UPDATE 2-Fiat Industrial wins over CNH board with improved bid
* Offer is for 12 pct of the company it does not own
* Worth $1.5 bln in cash and shares
* New offer includes $10 per share cash dividend
* Fiat Industrial stock up, analysts positive
By Jennifer Clark
MILAN, Nov 22 (Reuters) - Italy's Fiat Industrial has won over the board of its U.S. tractor and construction machinery unit CNH with an improved $1.5 billion bid that will create the world's third-largest capital goods group by sales.
The new offer, which added an approximate $300 million cash dividend to a previous all-share bid, will allow Fiat Industrial to buy the 12 percent of CNH it doesn't already own to fully capture the U.S. business's higher profits.
It also hopes the unified firm will benefit from the higher valuation investors ascribe to CNH than to Fiat Industrial.
Strong U.S. sales of agricultural equipment mean CNH's Case and New Holland brands accounted for about two thirds of the combined group's revenue to Sept. 30, and nearly 80 percent of its 1.6 billion euros trading profit.
The U.S. contributed twice as much to the combined group's trading profit in 2011 as Europe did.
That means investors place a higher value on CNH, whose market capitalisation and debt taken as a multiple of core profit - or EV/EBITDA - is 10.8 versus 9.3 for Fiat Industrial, according to Thomson Reuters data.
While seen as more valuable than Fiat Industrial, CNH currently trades at a lower valuation multiple than its U.S. peers Caterpillar and John Deere because of a lack of stock liquidity.
Some analysts said on Thursday a U.S. listing for the group should allow it to close these valuation discounts.
U.S.-listed CNH's board had balked at the all-paper, no-premium offer made on May 30, as minority investors in the United States often obtain what is in effect a significant 'squeeze-out' premium.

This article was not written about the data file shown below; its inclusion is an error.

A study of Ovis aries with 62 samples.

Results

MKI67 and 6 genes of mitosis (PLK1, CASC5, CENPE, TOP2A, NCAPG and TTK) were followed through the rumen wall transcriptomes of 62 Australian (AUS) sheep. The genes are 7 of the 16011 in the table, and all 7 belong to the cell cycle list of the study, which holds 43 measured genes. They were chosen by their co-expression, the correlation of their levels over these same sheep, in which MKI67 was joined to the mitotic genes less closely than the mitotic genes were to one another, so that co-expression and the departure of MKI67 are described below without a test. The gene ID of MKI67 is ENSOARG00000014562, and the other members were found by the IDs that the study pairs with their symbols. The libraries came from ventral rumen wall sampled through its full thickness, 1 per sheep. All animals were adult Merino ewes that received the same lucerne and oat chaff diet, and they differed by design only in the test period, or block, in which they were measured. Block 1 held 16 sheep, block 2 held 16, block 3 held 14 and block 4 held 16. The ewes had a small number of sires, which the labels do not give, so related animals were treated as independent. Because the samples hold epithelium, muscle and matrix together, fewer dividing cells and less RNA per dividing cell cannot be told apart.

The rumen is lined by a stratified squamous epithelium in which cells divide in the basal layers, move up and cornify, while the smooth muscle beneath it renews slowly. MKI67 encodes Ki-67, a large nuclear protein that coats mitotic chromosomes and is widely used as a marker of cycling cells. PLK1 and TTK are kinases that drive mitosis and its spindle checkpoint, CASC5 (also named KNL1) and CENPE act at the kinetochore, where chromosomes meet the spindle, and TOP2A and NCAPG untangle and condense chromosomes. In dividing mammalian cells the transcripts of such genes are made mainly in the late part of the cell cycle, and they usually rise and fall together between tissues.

Fiat Industrial's latest offer included the addition of a $10 cash dividend per CNH share.
At 1240 GMT, Fiat Industrial's shares were up 1.4 percent at 8.515 euros. CNH's shares are listed in New York, where they closed at $47.50 on Wednesday.
The two groups will be merged into a newly-formed company in which CNH shareholders will receive 3.828 shares, and Fiat Industrial shareholders one share.
The new company - which has not been named yet - will move its main listing to New York, keeping Milan as a secondary listing. Fiat Industrial was spun off from sister company Fiat in 2011 and is controlled by Italy's Agnelli family.
Fiat Industrial Chairman Sergio Marchionne said the extraordinary dividend to CNH minority shareholders should be paid by the end of this year.
Marchionne said on May 30 he saw 140-150 million euros of financial savings from the deal in reduced borrowing costs.
The two companies are already being managed as one.
On Nov. 12, Fiat Industrial said it created a group executive council (GEC) to make decisions on operating performance and key strategic decisions.
CNH CEO and President Richard Tobin was named chief operating officer, making him the No. 2 executive in the GEC under Chairman Sergio Marchionne.